Volume 2012 (2012), Article ID 724084, 1 page
1Department of Gastroenterology, Royal Hallamshire Hospital, Sheffield 510 2JF, UK
2Small-Bowel Disease Section, Department of Medicine, San Giovanni AS Hospital, 10123 Turin, Italy
3Digestive Endoscopy Unit, Catholic University, 000192 Rome, Italy
4Bethesda Krankenhaus Bergedorf, 21029 Hamburg, Germany
Received 2 February 2012; Accepted 2 February 2012
Copyright © 2012 Mark E. McAlindon et al. This is an open access article distributed under the Creative Commons Attribution License, which permits unrestricted use, distribution, and reproduction in any medium, provided the original work is properly cited.
Since first described in 2000 , capsule endoscopy has established itself as a noninvasive investigative modality of the gastrointestinal tract. It is used as a first-line investigation to image a variety of diseases of the small bowel. These include common conditions, such as coeliac disease, and rare diseases, such as familial adenomatous polyposis, both discussed in detail in this special issue by E. Akin and colleagues.
However, whilst first used to study small bowel disease, these swallowable devices also image the rest of the gastrointestinal tract as peristalsis propels them distally. This is illustrated in the paper by H. Ishiguro et al. in a study using oesophageal capsule to screen for oesophageal varices and referred to in the review of future developments by G. Pan and L. Wang when discussing colon capsule endoscopy.
Whilst avoiding the risks of sedation and intubation associated with conventional endoscopic procedures and the radiation exposure required for many radiological investigations, capsule endoscopy is not entirely without risk. Retention of the capsule behind a stricture is the main concern, particularly if this is a benign disease such as Crohn’s or a nonsteroidal anti-inflammatory drug enteropathy which would not necessarily require operative intervention, and the size of this problem is assessed in the large series presented by L. M. Höög et al. These authors also consider the issue of incomplete examinations. This is less widely discussed, but is much more common than capsule retention, may necessitate repeat or alternative investigations, and is an important consideration. The potential for interference with cardiac pacemakers and other devices remains of sufficient concern for manufacturers to consider capsule endoscopy to be contraindicated in the presence of such devices: D. Bandorski et al. provide some reassurance in regard to this matter in their international survey of practice.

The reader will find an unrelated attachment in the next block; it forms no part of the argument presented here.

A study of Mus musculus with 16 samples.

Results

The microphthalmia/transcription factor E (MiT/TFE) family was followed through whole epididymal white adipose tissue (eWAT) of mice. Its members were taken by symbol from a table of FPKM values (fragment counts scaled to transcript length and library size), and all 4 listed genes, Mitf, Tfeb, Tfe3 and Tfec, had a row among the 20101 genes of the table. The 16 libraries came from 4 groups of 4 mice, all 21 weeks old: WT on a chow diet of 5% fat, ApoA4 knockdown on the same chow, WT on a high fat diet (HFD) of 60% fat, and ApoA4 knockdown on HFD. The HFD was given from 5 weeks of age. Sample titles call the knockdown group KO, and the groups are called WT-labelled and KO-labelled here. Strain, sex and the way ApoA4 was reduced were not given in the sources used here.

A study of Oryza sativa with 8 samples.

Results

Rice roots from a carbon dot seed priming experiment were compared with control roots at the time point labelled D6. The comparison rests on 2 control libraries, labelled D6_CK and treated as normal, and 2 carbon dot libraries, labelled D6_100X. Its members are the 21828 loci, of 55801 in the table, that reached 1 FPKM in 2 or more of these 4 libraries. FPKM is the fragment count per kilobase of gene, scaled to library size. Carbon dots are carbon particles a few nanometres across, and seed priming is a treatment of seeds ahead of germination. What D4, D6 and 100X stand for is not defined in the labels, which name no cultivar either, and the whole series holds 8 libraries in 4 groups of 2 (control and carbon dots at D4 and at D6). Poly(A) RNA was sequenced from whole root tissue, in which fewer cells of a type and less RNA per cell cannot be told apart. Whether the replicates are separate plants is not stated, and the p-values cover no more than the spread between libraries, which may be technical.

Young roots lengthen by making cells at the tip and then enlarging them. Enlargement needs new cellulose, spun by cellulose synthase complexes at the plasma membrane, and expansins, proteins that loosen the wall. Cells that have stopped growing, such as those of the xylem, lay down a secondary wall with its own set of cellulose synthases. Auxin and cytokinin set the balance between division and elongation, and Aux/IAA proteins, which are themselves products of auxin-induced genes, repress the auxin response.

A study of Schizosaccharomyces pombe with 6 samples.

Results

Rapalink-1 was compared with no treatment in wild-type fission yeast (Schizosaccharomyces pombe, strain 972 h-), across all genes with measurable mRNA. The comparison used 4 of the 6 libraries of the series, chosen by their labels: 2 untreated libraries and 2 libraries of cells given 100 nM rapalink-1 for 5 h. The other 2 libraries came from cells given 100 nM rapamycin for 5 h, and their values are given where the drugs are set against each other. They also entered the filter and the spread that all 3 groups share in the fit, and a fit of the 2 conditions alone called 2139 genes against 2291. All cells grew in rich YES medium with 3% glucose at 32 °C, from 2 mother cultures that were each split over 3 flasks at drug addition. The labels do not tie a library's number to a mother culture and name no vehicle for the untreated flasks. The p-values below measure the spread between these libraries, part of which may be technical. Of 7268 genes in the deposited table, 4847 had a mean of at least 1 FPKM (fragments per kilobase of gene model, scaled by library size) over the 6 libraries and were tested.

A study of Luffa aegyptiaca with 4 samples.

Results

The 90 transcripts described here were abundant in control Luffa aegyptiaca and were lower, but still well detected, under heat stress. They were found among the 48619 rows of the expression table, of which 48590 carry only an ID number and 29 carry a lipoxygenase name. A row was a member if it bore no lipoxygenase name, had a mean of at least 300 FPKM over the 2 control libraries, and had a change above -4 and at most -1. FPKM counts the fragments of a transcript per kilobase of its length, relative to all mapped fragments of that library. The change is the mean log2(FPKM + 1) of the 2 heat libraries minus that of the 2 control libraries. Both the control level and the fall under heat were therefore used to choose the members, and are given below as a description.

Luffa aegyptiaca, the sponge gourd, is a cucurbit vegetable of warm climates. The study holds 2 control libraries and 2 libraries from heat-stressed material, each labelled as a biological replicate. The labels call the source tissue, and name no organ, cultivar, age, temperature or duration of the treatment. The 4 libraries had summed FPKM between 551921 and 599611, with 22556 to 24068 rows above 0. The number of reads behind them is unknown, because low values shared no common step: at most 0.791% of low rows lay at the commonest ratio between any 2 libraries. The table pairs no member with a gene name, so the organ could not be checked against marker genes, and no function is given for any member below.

G. Pan and L. Wang provide a fascinating insight into what future technological advances might allow us to achieve with these remote devices, which currently just offer an imaging facility but which may develop to allow control of movement, sampling of tissue or fluid and therapy. We should not lose track, however, of the importance of using capsule endoscopy appropriately, safely, and effectively, and R. Sidhu et al. remind us of the need for appropriate training and accreditation to provide excellence of service using devices which are already widely used in routine clinical practice.
Mark E. McAlindon
- G. Iddan, G. Meron, A. Glukhovsky, and P. Swain, “Wireless capsule endoscopy,” Nature, vol. 405, no. 6785, pp. 417–418, 2000.